After all the success Tide had in the last couple of years how was the brief different this time?
LV: Hahahah. It wasn’t. At all. Our goal is always to be the most loved brand in the Super Bowl and achieving that once is a huge accomplishment — trying to do it multiple times when you’re up against the best of the best feels nearly impossible. But that’s also what makes it so satisfying. Every time you think the idea tank is empty someone comes up with a nugget that gets everyone excited again.
LH: Lauren’s right, but the thing that made each new nugget of an idea all the more exciting is that there was one thing new about this year’s brief: it had to sell a very specific product proposition, not just the brand.
Recent data shows that although housework has become more equitable between men and women, women still made 80% of household purchases and spent considerably more time on chores. As a woman, is this something you think about when concepting for a product like Tide? How do stereotypes affect or not affect your approach to creative?
KB: I think a big part of our job is making sure we aren’t only speaking to women. Advertising reflects culture but it also shapes it. There’s always a balance to strike between making something feel relatable but also not playing into stereotypes.
PB: It’s always in the back of my head, even if it’s not always relevant. I think it’s important to use topics of diversity and inclusion as a filter when creating new work, woman or not.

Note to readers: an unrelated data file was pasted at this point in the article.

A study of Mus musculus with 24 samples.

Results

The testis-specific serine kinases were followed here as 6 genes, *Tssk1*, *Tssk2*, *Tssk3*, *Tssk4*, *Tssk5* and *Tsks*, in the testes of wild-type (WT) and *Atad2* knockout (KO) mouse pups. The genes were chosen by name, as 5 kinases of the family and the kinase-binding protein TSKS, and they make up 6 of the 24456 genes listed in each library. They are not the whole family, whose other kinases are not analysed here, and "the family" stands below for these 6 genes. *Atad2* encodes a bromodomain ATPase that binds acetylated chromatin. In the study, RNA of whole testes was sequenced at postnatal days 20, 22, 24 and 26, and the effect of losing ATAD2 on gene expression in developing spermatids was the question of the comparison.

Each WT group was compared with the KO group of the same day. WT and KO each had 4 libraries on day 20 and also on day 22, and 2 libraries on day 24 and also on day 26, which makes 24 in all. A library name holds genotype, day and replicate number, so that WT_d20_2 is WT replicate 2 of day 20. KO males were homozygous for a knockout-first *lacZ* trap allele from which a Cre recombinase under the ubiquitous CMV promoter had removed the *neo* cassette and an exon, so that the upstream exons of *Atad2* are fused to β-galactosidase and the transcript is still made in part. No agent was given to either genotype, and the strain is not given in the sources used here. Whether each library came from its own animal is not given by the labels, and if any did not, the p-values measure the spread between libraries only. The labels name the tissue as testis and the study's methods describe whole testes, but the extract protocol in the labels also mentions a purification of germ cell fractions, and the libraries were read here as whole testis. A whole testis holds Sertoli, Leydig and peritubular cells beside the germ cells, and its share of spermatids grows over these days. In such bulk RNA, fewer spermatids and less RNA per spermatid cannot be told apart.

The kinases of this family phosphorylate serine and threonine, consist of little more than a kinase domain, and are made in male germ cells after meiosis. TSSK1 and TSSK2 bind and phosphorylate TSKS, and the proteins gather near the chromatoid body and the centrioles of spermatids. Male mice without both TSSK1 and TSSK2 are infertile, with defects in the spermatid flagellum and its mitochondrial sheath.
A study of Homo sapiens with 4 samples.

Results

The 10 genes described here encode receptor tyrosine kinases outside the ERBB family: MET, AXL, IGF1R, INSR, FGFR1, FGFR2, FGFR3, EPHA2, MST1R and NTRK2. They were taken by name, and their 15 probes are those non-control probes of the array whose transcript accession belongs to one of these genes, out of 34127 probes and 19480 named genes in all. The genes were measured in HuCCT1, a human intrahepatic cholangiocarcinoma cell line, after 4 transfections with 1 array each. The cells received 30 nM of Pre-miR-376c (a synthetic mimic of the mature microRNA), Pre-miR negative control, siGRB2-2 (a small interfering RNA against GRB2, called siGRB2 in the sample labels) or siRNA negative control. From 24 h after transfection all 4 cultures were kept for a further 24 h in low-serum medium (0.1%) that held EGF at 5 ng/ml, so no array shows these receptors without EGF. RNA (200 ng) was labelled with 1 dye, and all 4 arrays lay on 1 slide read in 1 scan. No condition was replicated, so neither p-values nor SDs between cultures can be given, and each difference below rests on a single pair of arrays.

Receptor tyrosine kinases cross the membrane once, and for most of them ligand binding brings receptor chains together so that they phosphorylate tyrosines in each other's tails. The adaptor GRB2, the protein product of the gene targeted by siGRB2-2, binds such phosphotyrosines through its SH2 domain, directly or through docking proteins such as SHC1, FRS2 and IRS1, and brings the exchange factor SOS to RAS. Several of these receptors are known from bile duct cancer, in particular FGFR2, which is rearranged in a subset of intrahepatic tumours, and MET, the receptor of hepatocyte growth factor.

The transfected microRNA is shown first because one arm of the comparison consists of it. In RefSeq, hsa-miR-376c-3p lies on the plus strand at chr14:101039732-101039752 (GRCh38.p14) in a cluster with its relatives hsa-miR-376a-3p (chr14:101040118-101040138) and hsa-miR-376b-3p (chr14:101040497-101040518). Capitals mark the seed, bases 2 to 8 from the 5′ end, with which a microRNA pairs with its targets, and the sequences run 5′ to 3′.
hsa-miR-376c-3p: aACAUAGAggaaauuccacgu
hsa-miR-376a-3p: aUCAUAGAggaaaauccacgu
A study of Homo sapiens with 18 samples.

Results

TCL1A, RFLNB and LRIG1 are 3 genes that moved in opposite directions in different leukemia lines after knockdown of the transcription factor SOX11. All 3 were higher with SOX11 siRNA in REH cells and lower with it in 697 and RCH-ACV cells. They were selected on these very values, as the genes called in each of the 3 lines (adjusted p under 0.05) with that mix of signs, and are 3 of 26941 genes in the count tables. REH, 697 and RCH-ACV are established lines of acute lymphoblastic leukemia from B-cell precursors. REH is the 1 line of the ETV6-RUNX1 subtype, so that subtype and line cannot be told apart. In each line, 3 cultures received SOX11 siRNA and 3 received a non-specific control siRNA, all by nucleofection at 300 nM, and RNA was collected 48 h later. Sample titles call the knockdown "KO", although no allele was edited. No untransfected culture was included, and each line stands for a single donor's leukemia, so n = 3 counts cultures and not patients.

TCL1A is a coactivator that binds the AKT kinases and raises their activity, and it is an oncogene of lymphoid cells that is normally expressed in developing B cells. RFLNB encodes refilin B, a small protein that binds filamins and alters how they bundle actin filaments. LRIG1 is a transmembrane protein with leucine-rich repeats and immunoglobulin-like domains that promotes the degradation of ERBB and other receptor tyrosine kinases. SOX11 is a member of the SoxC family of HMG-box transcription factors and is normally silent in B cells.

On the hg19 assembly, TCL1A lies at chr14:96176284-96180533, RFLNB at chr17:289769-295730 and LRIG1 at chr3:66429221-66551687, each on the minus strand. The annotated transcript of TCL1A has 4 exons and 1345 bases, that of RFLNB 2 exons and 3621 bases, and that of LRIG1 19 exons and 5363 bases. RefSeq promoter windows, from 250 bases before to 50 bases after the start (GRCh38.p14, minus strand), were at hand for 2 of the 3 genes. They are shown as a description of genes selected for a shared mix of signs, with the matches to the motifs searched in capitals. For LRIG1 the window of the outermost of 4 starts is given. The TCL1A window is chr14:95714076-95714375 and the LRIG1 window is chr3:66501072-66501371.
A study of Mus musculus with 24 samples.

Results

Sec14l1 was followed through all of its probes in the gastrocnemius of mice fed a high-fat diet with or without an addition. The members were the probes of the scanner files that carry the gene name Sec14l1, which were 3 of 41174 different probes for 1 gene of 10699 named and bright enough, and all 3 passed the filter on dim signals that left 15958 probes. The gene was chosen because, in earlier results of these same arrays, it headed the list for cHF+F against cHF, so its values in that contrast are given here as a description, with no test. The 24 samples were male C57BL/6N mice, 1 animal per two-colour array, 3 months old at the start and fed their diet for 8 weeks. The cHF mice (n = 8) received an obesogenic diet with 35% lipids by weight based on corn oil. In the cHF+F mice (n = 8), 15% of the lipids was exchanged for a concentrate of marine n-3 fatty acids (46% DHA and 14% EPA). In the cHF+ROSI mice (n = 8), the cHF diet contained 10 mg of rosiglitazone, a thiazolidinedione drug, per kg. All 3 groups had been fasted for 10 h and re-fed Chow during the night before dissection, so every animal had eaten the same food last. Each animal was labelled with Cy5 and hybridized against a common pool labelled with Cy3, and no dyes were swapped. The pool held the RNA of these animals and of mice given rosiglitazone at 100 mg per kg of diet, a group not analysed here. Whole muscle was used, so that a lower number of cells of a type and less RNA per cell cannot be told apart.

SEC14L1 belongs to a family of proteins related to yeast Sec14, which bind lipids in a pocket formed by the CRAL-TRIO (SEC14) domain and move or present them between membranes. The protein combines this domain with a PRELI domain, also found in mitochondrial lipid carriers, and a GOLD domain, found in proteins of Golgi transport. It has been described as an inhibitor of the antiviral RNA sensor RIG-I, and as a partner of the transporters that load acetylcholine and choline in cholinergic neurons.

LV: I try to make sure my gender affects the work in a positive way. When you’re in a male-dominated field, you are often the only voice representing your gender so it’s on you to use it and speak up when something feels patronizing or out of touch. No one can argue about your experience.
Given that you had more than one spot running in the super bowl and clearly more than one person working on the campaign, how did everyone work together/figure out their role?
LH: It was some weirdly magical blend of an amoeba and a hot potato. Most of the time we worked as this blobby amoeba, with ideas coming from different corners of the room that would move the whole group forward. Other times it was like tossing around a hot potato via WhatsApp and Google Docs. A need would pop up, and whoever was available would jump on it. With so much to do, most everyone’s role becomes “what needs to get done and how can I help?” Even when that’s writing scripts on the way to set, motion sickness is damned.
LV: What she said.
KB: What they said.
PB: Do I have to say it?
Besides your own amazing work from the SB, what is your favorite SB ad of all time?
KB: It’s hard to just pick one but I always find myself going back to the Weight Watcher’s manifesto from 2015.
LV: There are so many that were smart, or powerful, or silly that I like but if I had to choose the one that simply tickled me..I would have to go with the Snickers Betty White You’re Not You spot. Good plain fun layered on top of brilliant insight.
LH: I’m a dinosaur who pines for the days when our attention spans were a little less manic and we were able to save the brand name for the end of a really good story, so I’m going to say Volkswagen’s “The Force.”
PB: I love ETrade’s “Wasted.” So simple, yet so smart!
Finally, we want to know who inspires you creatively? Any advertising heroes?
LV: Maddy Kramer. 😉 But also Susan Credle (and Oprah).
LH: Lauren Varvara. And Mary Wells Lawrence, who was basically Peggy Olson and Don Draper rolled into one.
PB: Shout-out to Phyllis Robinson, for doing what she did so that we can do what we do.